Chinatown and Little Italy are probably the most well-branded neighborhoods in the city. In a grid system where every corner store and subway entrance starts to look the same, sometimes you need some in-your-face visual cues to tell you where you are. And these two do just that.
The neighborhoods are very visually distinct: from the crowded Chinese signs and bright lanterns the light up Chinatown to the hard to miss sign that welcomes you to Little Italy. Geographically, the two neighborhoods are packed in tight, bleeding into each other so it’s impossible to discern where one ends and the other begins. Not to mention the blurred borders of LES and Two Bridges and Nolita. It’s one big cluttered landscape filled with activity and life and tourists and history and everything you love about the city and everything you hate too.
Little Italy is, for better or worse, a caricature of the Italian American history that is so prominent in this city. These days, the old school establishments and tourist traps meld into one pedestrian nightmare, spilling into the streets, blending in to each other like the same restaurant in 12 fonts. The proud sign welcoming you into the microneighborhood almost serving as a warning that you’ll have to crowd cut your way through the next two blocks. We all like the idea of Little Italy more than the execution, it’s a façade that tourists happily buy into like a false tradition while locals steer clear on most occasions. It serves its purpose for specific moments.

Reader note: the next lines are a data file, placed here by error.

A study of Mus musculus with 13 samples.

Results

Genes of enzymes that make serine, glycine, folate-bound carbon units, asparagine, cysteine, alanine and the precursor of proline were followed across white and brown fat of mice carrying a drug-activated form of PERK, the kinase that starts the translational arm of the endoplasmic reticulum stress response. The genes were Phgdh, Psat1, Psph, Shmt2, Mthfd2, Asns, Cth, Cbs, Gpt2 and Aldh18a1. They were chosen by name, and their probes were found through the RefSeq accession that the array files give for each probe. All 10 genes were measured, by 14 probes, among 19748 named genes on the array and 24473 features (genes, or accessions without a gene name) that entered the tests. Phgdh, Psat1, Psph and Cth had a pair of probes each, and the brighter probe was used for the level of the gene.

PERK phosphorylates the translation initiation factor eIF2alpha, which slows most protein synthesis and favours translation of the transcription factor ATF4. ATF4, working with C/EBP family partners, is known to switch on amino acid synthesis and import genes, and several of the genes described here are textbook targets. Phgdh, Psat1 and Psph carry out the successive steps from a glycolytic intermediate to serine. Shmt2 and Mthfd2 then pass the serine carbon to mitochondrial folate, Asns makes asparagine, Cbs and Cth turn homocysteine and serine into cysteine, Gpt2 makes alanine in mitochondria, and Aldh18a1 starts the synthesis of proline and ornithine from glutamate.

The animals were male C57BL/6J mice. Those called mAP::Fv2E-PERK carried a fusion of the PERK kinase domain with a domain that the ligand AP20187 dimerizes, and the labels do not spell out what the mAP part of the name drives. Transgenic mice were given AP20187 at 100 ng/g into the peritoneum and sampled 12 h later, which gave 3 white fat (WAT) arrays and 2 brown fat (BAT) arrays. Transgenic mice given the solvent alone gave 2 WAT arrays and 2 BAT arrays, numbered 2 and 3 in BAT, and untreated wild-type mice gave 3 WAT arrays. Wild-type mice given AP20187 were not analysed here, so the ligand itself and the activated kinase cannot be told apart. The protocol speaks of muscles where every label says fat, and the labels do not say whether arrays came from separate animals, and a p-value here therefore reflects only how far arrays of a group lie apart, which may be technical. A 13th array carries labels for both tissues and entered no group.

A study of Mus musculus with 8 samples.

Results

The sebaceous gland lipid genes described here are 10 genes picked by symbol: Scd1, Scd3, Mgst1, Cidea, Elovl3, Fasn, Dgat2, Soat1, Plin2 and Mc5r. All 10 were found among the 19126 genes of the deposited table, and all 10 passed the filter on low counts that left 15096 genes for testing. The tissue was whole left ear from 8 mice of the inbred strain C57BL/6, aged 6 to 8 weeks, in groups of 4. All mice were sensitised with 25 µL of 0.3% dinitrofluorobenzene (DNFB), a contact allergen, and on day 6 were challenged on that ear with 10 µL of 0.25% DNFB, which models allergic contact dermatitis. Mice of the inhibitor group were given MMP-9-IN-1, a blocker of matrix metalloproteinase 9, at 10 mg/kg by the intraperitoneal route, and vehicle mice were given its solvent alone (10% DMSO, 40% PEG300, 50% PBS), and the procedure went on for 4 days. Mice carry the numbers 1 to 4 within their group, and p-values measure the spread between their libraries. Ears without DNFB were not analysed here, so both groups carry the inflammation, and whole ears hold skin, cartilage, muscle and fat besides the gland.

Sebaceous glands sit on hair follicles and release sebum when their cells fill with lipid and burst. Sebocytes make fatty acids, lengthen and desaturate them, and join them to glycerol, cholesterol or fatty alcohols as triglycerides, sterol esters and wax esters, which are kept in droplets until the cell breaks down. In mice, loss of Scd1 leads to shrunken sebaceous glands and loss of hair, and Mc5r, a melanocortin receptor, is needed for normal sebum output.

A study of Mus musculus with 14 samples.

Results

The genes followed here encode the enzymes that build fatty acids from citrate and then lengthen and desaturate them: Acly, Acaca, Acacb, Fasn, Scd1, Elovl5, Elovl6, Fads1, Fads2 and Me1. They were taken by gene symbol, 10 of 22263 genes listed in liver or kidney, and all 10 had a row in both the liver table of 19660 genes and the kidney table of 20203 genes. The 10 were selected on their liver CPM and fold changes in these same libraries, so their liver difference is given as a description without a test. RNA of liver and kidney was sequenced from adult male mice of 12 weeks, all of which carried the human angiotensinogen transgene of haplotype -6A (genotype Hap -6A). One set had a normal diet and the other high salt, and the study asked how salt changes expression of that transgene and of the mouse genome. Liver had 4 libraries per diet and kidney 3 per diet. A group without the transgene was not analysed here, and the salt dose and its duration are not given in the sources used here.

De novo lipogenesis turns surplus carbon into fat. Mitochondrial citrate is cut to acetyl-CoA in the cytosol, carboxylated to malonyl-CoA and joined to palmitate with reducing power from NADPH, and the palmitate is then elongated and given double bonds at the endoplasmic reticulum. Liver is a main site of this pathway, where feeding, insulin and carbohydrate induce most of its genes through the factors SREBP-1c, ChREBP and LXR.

And then there is Chinatown. One of several Chinese enclaves in the five boroughs, and one of the most beloved neighborhoods in the city. Manhattan’s Chinatown is a classic tourist attraction. Ostentatiously branded with theatrically Chinese architectural embellishments and lanterns lighting up the narrow streets. And yet despite the infestation of gaudy souvenir shops selling your name on a keychain and I LOVE NEW YORK t-shirts, there is still an overwhelming sense of community, almost stubbornly so.
Hidden in the chaotic facades and loud signage is masked regional diversity, restaurants that to outsiders all look the same, offer the Chinese community a breadth of culinary traditions from various parts of China and in a way sits as a physical representation of a history of the diaspora. Street vendors and grocers splay out, making it a constant traffic jam, whether you’re on four wheels, two, or on foot. Manhattan Chinatown has a lot of good, cheap food. Some exist to serve tourists more, some cater more to the community, many many are caught up in local politics, but souvenir shop eyesores aside it is a place worth going to again and again as a core part of city life and the sensational imagination of city life.